When you’re designing a battery-operated portable system like security panels, or automatic locks, each and every inch on the board is important, each and every second of operation is important, and (last but not the least) each and every penny you pay for the system is important. These systems usually contain security codes retained by clocks, which can either be powered by the main power supply (main battery), or by the backup supply (backup battery). Losing the supply means losing the codes from the system, causing a security threat.
To avoid these threats, there is a lot of pressure on enhancing the performance and battery life of a system it. There is always a way to replace the main battery from the system but these small, tiny backup batteries can sometimes be very expensive to replace due to expensive labor costs. These batteries are used to keep the time and calendar running. Generally, as a system designer, you would want to keep your system running for as long as possible. To accomplish this, you have to either use a very fast-charging low-leakage and efficient solution, or use a RTC (real time clock) source. Both of these solutions can be very expensive and size inefficient when placed on a board discretely.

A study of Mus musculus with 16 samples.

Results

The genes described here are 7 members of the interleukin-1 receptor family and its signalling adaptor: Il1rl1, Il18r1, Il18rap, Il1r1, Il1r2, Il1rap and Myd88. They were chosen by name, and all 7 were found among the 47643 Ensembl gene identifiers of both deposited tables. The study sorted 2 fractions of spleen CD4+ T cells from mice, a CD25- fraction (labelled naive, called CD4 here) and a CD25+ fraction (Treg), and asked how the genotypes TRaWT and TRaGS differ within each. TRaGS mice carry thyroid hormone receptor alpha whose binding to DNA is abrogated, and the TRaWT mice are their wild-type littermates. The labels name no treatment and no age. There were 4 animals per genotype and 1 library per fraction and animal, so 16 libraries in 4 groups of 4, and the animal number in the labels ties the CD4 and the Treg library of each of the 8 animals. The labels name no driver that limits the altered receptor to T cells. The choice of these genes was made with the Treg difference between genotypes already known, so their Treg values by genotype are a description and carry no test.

A smarter way to achieve a solution to this problem is a PMIC (Power Management Integrated Circuit), which integrates a small backup battery charger that can charge the backup batteries when the system is running and also power the RTC when the main batteries are taken off of the system. Figure 1 maps out an example of this.
Figure 1: RTC features in a PMIC
You can then maintain the RTC supply as long as the input voltage is a high enough set threshold in the PMIC. Below the set voltage threshold, the digital core of the device is set under reset by an internal signal power-on reset (POR), which clears all of the device contents.
Charging and discharging the battery with a fast charger is an ideal solution but there is an impact on the physical life of the battery when using this solution. PMICs not only provide you a quick charging solution but also an even better approach by integrating the RTC in the die. Due to the logic used for these clocks, the RTCs on the PMIC die are much lower in power consumption from using it discretely. The RTC in the PMIC consumes almost 1/250th less power than other implementations, which helps elongate system operation life. Power consumption for the PMIC RTC is usually 14uW as compared to 3.6mW when implemented externally. Also, it saves you the package cost of the device you pay when using it discreetly on the board.